Legislation to require Beaufort Co. pit bulls to be spayed/neute - WTOC-TV: Savannah, Beaufort, SC, News, Weather & Sports

Legislation to require Beaufort Co. pit bulls to be spayed/neutered, moves forward


An ordinance which would require all pit bull and pit bull mixes in Beaufort County to be sterilized, is one step closer to becoming a reality.
The Beaufort County Council voted earlier this week for an initial approval of the law.
The county, and local rescue group owners, said the county's current pit bull population is causing major problems.
Behind the fences of the Beaufort County Animal Shelter, dozens of pit bulls and pit bull mixes, are locked away.
"Our animal shelter has just been inundated with pit bulls and pit bull mixes," says Joy Nelson, spokesperson for Beaufort County.
So much so, that in the past year, 300 of the 900 dogs that the County Animal Shelter has received, have been part or pure pit bulls.
And many of those, forced to be put down by the county.

"When you look at the 92 dogs that the shelter has had to euthanize this year, 64 of them were pit bulls," Nelson explains.
"I typically will not bring a pit bull into my organization because I cannot place them," says Kim Bonturi, president of Chain Free Beaufort, a non-profit animal rescue group.
From her experience, she said it's often difficult to place a pit bull in a home.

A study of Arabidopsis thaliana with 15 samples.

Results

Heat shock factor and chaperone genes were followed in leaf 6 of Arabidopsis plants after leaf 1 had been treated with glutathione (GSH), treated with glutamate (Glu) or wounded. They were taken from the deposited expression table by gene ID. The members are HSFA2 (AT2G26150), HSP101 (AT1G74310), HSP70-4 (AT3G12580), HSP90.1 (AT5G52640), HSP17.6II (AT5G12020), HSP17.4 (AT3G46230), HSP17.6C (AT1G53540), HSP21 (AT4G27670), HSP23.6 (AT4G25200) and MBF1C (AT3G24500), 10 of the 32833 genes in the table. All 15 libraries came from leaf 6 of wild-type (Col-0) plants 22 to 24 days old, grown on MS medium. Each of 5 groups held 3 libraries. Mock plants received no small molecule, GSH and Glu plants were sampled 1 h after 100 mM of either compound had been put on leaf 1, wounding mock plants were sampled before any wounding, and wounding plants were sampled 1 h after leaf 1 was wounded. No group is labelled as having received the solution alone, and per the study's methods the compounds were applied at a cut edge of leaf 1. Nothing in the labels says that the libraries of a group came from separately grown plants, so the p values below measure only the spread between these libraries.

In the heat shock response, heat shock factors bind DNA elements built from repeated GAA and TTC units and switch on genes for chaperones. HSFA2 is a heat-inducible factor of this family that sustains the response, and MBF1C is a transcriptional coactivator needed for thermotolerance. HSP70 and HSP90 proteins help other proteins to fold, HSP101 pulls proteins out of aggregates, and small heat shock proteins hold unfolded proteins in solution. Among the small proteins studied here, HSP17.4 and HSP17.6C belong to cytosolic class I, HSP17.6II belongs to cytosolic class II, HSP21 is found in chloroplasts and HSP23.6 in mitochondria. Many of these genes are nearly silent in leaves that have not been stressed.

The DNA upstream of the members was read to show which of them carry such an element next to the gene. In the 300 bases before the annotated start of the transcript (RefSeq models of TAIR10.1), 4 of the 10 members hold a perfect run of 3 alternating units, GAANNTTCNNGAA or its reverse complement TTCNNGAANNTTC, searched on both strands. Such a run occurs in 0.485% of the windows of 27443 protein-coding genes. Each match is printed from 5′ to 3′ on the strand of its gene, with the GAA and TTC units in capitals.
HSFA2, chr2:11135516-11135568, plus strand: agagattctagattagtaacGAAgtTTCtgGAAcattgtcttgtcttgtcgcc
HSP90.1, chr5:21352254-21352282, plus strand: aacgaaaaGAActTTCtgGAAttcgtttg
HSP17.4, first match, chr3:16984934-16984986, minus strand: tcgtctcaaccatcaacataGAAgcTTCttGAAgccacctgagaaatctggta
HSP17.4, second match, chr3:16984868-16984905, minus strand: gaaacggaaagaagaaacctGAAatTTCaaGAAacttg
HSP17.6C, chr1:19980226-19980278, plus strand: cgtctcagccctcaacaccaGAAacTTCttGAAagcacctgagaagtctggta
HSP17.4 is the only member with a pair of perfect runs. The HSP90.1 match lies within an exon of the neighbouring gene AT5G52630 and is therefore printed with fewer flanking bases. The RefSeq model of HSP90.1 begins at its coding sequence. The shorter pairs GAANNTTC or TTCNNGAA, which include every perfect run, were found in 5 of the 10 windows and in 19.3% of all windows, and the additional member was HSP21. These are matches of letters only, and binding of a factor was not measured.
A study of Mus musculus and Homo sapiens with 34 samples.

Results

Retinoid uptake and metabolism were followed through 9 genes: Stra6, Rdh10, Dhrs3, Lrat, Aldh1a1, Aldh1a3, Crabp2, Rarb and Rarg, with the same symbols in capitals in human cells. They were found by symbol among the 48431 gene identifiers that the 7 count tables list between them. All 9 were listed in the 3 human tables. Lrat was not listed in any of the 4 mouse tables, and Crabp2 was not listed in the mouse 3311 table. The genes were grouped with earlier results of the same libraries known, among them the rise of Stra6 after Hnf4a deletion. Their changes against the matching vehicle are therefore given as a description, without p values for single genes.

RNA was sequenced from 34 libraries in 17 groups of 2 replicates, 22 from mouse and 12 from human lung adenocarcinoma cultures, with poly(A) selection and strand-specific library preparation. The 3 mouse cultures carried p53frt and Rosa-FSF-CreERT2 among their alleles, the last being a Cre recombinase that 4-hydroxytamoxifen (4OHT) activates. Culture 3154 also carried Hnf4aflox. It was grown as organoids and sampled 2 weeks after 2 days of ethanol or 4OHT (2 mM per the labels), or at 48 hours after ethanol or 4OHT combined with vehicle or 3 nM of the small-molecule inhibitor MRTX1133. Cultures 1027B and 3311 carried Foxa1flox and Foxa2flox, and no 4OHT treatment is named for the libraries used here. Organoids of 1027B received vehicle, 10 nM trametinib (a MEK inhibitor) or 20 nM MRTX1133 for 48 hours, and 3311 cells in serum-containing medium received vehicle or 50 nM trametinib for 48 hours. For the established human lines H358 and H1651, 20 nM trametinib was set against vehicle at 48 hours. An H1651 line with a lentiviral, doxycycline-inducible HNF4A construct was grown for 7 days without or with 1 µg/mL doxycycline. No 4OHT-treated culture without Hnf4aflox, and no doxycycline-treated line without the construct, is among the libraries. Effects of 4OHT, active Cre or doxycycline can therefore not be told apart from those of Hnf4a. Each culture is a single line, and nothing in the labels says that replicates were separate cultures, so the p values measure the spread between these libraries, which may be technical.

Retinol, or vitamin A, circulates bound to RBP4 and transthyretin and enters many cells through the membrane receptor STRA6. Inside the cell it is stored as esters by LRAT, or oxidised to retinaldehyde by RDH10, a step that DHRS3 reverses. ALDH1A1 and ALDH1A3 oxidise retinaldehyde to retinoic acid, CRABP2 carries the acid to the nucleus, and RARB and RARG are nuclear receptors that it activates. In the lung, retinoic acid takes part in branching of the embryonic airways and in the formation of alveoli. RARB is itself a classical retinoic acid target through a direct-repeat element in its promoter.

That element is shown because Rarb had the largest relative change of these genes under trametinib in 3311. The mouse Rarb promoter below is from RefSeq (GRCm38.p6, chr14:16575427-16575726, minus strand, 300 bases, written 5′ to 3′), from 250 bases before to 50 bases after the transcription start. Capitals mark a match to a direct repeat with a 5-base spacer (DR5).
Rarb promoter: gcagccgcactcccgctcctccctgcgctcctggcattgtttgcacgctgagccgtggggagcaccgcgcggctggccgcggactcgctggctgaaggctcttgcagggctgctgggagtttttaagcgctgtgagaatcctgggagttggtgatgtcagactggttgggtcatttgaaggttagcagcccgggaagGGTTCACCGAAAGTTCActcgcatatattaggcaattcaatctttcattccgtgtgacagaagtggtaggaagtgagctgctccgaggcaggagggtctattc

"Military housing doesn't allow it. Most landlords won't allow it. A lot of homeowner's insurance will drop you, or won't even insure you if you own a pit bull," Bonturi said.
She said pit bulls have a reputation that makes many people stay away.
Those are some of the reasons why the county is moving forward with legislation, which would require all pit bulls and mixes within the county to be spayed or neutered.
"We have to do something to try and slow the population down," Nelson admits.
But for opponents, like president of the Palmetto Animal League Amy Campanini, she's afraid the ordinance would cause more harm than help.
One of her fears, pit bull owners might give up their dog, if they can’t afford the spay or neuter expense.
“Often times, these ordinances often have unintended consequences, and we end up killing more animals. So the problem we're trying to solve, and we all agree on the problem, we just don't understand the detail behind it," said Campanini.
The ordinance needs to be voted on three times and there needs to be a public hearing, before it can pass as legislation.
Nelson said the next vote will likely be at the Beaufort County Council's next meeting, which is on Monday.